Private sector battles lack of nurses
Several private hospitals in the city are working with about half the required number of nurses or even less because Bengal doesn’t have enough nursing colleges to meet their need.
Every time government hospitals recruit nurses, private hospitals take the hit as government-run facilities are perceived to be less taxing with better job security.
Metro had reported in March how Calcutta’s private hospitals were facing crisis of nurses as hundreds of them took up jobs in government hospitals. An upcoming round of recruitment in state government’s hospitals in August is enough to worry administrators and officials of private hospitals.
“Our 300-bed hospital need to have 550 nurses, but we have 250 now. We are apprehending an exodus of over 20 per cent in August,” said Prashant Sharma, the managing director of Charnock Hospital.
At the AMRI Hospitals, too, the authorities are worried about the frequent exodus. “We have 600 beds in our three units in Calcutta for which there are 1,000 nurses. I would have loved to hire more nurses to tend to the patients, but because of the demand-supply gap, there are not enough nurses,” said Rupak Barua, the group CEO of AMRI Hospitals.
“Because of the frequent exodus of nurses, our HR department, too, has to visit other states frequently to fill the void,” he said.
Barua added that AMRI Mukundapur would add 150 beds within six months and for that the hospital would need 200 additional nurses.
Unable to bear with crisis, some hospitals have shut down floors, reduced beds and stopped expansion plans.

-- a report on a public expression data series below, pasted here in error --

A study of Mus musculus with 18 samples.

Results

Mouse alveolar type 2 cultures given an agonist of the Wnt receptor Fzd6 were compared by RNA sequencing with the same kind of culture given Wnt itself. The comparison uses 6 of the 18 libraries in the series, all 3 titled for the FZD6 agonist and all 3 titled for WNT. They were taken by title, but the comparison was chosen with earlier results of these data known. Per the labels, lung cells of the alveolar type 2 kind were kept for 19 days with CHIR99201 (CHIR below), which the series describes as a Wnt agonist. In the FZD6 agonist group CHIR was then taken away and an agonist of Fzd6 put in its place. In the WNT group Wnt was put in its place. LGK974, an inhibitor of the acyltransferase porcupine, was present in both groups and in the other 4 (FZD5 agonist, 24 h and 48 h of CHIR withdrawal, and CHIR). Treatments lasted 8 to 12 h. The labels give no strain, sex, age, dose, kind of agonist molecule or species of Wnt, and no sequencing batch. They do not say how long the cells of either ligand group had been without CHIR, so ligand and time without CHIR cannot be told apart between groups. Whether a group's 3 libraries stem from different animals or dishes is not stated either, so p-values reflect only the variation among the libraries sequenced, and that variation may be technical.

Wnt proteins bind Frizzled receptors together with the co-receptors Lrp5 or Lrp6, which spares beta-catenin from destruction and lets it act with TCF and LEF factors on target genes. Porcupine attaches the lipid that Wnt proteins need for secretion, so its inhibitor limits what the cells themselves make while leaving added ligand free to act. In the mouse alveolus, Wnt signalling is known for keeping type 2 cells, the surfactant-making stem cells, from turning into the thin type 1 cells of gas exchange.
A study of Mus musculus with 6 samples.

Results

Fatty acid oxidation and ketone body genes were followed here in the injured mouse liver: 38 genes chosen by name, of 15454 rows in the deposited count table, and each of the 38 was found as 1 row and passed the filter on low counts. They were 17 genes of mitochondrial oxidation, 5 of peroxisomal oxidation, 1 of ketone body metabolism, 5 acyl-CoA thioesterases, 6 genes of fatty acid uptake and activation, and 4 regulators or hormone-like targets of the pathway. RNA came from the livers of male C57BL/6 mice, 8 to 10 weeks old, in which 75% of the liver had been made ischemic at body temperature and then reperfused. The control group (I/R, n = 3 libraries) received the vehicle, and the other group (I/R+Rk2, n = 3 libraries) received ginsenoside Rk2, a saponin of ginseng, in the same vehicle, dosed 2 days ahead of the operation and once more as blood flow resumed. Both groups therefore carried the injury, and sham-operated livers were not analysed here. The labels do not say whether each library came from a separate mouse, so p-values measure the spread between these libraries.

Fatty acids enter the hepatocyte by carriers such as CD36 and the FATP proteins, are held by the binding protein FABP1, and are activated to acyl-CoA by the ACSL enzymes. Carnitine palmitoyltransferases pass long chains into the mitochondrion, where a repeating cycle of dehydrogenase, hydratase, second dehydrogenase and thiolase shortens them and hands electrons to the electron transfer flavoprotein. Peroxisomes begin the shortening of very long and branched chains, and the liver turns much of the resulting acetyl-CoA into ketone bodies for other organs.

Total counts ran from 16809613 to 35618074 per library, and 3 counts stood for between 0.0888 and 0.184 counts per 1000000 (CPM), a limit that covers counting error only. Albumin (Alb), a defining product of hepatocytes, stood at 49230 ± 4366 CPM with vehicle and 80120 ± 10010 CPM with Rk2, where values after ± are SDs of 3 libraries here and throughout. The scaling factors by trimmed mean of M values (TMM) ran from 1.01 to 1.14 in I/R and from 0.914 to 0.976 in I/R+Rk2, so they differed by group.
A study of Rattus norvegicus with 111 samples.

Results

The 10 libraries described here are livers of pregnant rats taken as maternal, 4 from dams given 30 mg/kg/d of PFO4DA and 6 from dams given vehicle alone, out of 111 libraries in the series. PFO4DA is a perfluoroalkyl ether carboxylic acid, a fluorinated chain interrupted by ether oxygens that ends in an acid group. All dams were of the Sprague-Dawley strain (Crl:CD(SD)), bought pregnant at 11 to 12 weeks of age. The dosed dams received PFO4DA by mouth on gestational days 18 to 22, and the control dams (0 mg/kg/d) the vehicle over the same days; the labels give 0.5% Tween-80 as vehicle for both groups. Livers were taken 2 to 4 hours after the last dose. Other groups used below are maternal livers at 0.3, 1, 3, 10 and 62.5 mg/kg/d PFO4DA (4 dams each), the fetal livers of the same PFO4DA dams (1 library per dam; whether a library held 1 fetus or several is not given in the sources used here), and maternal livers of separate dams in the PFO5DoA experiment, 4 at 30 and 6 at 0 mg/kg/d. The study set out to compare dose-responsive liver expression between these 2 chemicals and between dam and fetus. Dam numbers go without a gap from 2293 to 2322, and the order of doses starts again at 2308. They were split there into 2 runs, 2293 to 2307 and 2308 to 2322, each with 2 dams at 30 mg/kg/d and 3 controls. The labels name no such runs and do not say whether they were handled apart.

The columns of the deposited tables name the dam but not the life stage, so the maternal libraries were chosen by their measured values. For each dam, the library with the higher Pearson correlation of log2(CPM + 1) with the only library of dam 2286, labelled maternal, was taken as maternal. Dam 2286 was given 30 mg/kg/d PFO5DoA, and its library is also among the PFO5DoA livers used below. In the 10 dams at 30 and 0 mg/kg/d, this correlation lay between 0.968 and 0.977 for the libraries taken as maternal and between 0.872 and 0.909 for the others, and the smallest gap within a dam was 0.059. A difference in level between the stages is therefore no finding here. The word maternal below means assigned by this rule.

Sharma, Barua and several other hospital administrators and officials had come together for a Confederation of Indian Industry (CII) organised conclave on nursing at a city hotel on Saturday.
The Indian Nursing Council standards say that there should be one nurse for every three patient in the general ward of a hospital. “For critical patients the ratio should be 1:1, whereas for general ward patients the ratio should be 1:3,” said Abanti Gopan, a nursing consultant.
Several administrators of hospitals said shortage of nurses was a pan-India crisis but it was more acute in Bengal.
“The state government is planning to set up 27 nursing training colleges in the state under the public-private partnership mode,” said Chandrima Bhattacharya, the health minister who was present at the meet.
An official of a private hospital said that since they were on a recruitment spree for its 42 superspecialty hospitals across the state, the demand for nurses was huge.
The government usually recruits nurses twice a year. As the period between the notification for recruitment and date of joining work is very short, nurses often leave by giving 24-hours notice.
“We do not even get the time to find a replacement. If 20 nurses leave within 24 hours, we get severely handicapped. Private hospitals are quality conscious. Who will give the care to the patients, but the nurses,” said one private hospital official.
To deal with the problem, HR teams of private hospitals are visiting various states frequently to fill the void that is created every time.
The states that primarily supply nurses to Bengal hospitals are Kerala, Jharkhand, Odisha, Manipur, Mizoram and Arunachal Pradesh.
An official of a private hospital said the private sector would be interested in participation if the government gives space.
“Nursing colleges are not commercially viable institutions. The private sector would not be interested in something that is loss making. Still they would contribute in hope that the graduates would take up jobs in the state’s hospitals and address the problem of nurse shortage,” said the official.
He said that the Indian Nursing Council standards make it mandatory to have over 23,000sqft space for a college with 50 students. Getting this much of space is very costly. If the government creates the space, the private sector would create other infrastructure necessary to run the college, said the official.